Benjamin Franklin writes about a list of virtues that he created when he was twenty years old. He wanted to achieve moral perfection.
To do this, he made a plan that he thought would hold him accountable. He created a chart, and he determined he would mark in that chart each day when he failed to practice the virtue he set out to master.
His log is much like the logs that people make to watch their calorie intake or document their workout routines.
I have employed logs and journals to keep track of my own progress in various areas, but keeping them after a week or two is not always easy to do, and a person must have the drive to keep oneself accountable or an interest in assessing oneself if he or she is going to be able to maintain the accountability system employed.
So, at the heart of any change, or self-assessment is drive. One must be driven to do something without the help of others or the threat of authority hanging over them. When left to our own devices, and without a motivating external or internal force, people tend to fall far short of their lofty goals.
There are many questions that come to mind when I think of these motivators. There are leaders that are driven entirely by external forces – fear of consequences, desire for money. These are external because the thing that causes the fear or the desire comes from outside the person.
There are others who are driven only by internal forces. They get up early in the morning and clean because they want to, they work as a lawyer because they enjoy defending people in court, or prosecuting criminals.
One might argue that even these examples are driven by external motivators, because the actions have results that satisfy a person’s desire or sense of accomplishment.
Franklin wanted to achieve moral perfection, so he devised a method to assess his progress and keep himself focused. No one made him do it – he just did – so his motivator was internal.
Recently I had a conversation with someone about how some people are motivated to do well in school, at their jobs, and anything else they do, even if they are not made to do these things by anyone else, and then there are other people who will not go from point A to point B without being told to do so, or having specific directions about how to do so.
I wonder if this difference in people is the key difference between leaders and followers. I think leadership skills can be taught, and people without that internal drive can be leaders of a sort, but I think the leaders who do things out of an internal motivation to make a difference in their own lives and others are they ones who truly rule the world.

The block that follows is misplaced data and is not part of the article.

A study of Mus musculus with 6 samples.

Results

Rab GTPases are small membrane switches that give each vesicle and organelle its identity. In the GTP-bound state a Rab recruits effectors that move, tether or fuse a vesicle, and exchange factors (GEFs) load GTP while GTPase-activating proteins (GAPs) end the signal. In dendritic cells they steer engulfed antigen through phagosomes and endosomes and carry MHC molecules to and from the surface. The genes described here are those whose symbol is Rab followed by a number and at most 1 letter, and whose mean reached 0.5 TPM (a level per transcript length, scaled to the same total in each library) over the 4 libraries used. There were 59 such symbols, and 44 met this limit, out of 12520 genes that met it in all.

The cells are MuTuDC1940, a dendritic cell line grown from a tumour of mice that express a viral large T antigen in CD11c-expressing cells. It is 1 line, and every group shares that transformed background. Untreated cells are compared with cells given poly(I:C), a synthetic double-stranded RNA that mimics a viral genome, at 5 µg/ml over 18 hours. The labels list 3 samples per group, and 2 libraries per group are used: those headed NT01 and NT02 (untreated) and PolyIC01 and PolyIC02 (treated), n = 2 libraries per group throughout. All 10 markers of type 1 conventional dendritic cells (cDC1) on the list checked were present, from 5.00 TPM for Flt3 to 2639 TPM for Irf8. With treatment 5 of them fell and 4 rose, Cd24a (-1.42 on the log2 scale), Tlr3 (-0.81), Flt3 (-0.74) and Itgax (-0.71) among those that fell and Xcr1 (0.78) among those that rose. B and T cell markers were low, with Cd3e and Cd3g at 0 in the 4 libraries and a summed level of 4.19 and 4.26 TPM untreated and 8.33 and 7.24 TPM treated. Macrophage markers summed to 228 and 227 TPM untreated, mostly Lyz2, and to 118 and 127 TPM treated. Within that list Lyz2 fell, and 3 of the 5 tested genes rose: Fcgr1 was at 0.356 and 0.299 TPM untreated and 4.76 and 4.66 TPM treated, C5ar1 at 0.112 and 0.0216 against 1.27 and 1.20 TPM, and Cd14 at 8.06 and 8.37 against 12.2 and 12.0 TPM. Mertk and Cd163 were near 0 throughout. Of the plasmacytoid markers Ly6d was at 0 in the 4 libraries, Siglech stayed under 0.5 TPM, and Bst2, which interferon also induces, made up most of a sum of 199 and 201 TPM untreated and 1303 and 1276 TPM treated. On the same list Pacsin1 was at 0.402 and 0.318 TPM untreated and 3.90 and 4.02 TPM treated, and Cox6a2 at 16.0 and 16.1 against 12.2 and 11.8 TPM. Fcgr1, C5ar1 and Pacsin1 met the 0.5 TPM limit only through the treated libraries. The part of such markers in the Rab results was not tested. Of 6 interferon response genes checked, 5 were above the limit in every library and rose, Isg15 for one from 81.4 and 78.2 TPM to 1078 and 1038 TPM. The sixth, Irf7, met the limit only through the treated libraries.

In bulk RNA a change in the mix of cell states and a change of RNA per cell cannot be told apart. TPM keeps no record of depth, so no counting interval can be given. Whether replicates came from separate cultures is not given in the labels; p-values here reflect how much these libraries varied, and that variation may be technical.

My next question is on what moral compass are these internally drive leaders operating?
For example, Donald J. Trump I think is internally motivated. He has a desire for power and attention. He does not seem bothered about how he gets it, and he will say what he thinks others want to hear, or what he wants to hear, in order to get the attention and obtain the power for which he hungers.
Clearly, my conclusions are based on what I have seen and heard from our current president, and I could be wrong, but I have not been presented with any evidence to show that I am wrong.
While I see Trump as a leader, I think he is a dangerous one, guided not by a true drive to make this world better for everyone, but by a drive to make this world better for him.
To me, that type of compass lacks morality. As we seek people to represent us in our country, I think we need to consider what drives the people who run for office.
I am not concerned about what religion a person practices, or where their moral virtues come from. I am concerned with whether or not their drive comes from a desire to make the world work for us all. If not, then we should keep looking, because we need leaders that believe in seeking the truth, who base their conclusions on verifiable evidence, who think before speaking, who have varied experiences and know how to collaborate with diverse people.